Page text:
Bernie Ecclestone has rejected reports that he will offer Formula One teams a much larger share of profits to kill off threats of a rival championship.
F1 is the setting for a power tussle
The Sunday Telegraph had reported that Mr Ecclestone would tempt the sport's top 10 teams with guaranteed revenues of $3bn (£1.6bn) between 2007 and 2012.
But Mr Ecclestone told BBC News the story was "complete nonsense", with all teams likely to agree a deal by March.
Teams have been calling for a bigger slice of the sport's profits.
They currently get about $15m (£8m) a season from Formula One, while the Sunday Telegraph suggested that during a crunch meeting on Tuesday this would be pumped up to a minimum of $40m (£21.3m).
Mr Ecclestone told the BBC News website that Formula One teams would naturally ask for more money whenever contracts were up for renewal.
But deriding the Sunday Telegraph report, Mr Ecclestone said "I don't do business through the media" and insisted that Tuesday's Formula One summit was nothing more than a regular "technical meeting".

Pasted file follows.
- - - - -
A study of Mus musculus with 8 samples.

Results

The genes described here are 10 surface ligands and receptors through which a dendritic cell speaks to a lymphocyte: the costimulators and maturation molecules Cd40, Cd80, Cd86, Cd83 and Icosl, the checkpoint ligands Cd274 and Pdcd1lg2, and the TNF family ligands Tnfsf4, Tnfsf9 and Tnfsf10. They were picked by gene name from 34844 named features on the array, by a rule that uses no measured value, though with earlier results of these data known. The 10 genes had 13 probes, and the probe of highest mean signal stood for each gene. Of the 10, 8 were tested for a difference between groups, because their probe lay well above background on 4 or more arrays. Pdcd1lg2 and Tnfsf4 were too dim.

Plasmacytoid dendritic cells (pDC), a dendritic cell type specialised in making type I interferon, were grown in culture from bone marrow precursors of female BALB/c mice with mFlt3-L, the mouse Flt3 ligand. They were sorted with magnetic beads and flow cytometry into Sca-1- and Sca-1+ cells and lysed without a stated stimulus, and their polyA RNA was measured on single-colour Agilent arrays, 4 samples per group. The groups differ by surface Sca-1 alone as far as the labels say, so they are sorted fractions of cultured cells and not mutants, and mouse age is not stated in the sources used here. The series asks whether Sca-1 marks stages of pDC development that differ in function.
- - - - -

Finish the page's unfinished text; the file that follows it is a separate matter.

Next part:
Last week, he secured the support of champion manufacturer Ferrari after the Italian carmaker was given a signing on fee of $100m (£53m).
Mr Ecclestone said in line with tradition he had first made a deal with Ferrari, and would now take this benchmark agreement to the other teams.
"I hope to get an agreement with all teams in one to two months," he said.
A week ago Mr Ecclestone told BBC Sport that he was offering the teams an extra $500m (£267m) over the next three years - or about $16m per team per year.
The Sunday Telegraph report had suggested that Mr Ecclestone would offer other teams much more, a signing on fee of at least $35m (£18.6m) each and a higher profit share that would result in a minimum income of $40m a year per team.
GPWC, a consortium of F1 manufacturers including BMW and Mercedes, has recently stepped up its efforts to set up a rival racing championship.
The Sunday Telegraph had suggested that these moves had forced Mr Ecclestone's hand.
Team owners, however, warned that there was a danger of creating a rift in the sport.
Paul Stoddard, owner of the Minardi team, told the Sunday Telegraph that "it is not viable to have two championships".
"It is a recipe for an absolute disaster," he explained. "The worst scenario is if four or five teams agree to this new deal and four or five don't."
Formula One Holdings (FOH), the company that runs the Grand Prix circuit, is majority owned by Mr Ecclestone's family trust company Bambino Holdings.
Mr Ecclestone is thought to have amassed a fortune of £2.3bn from F1.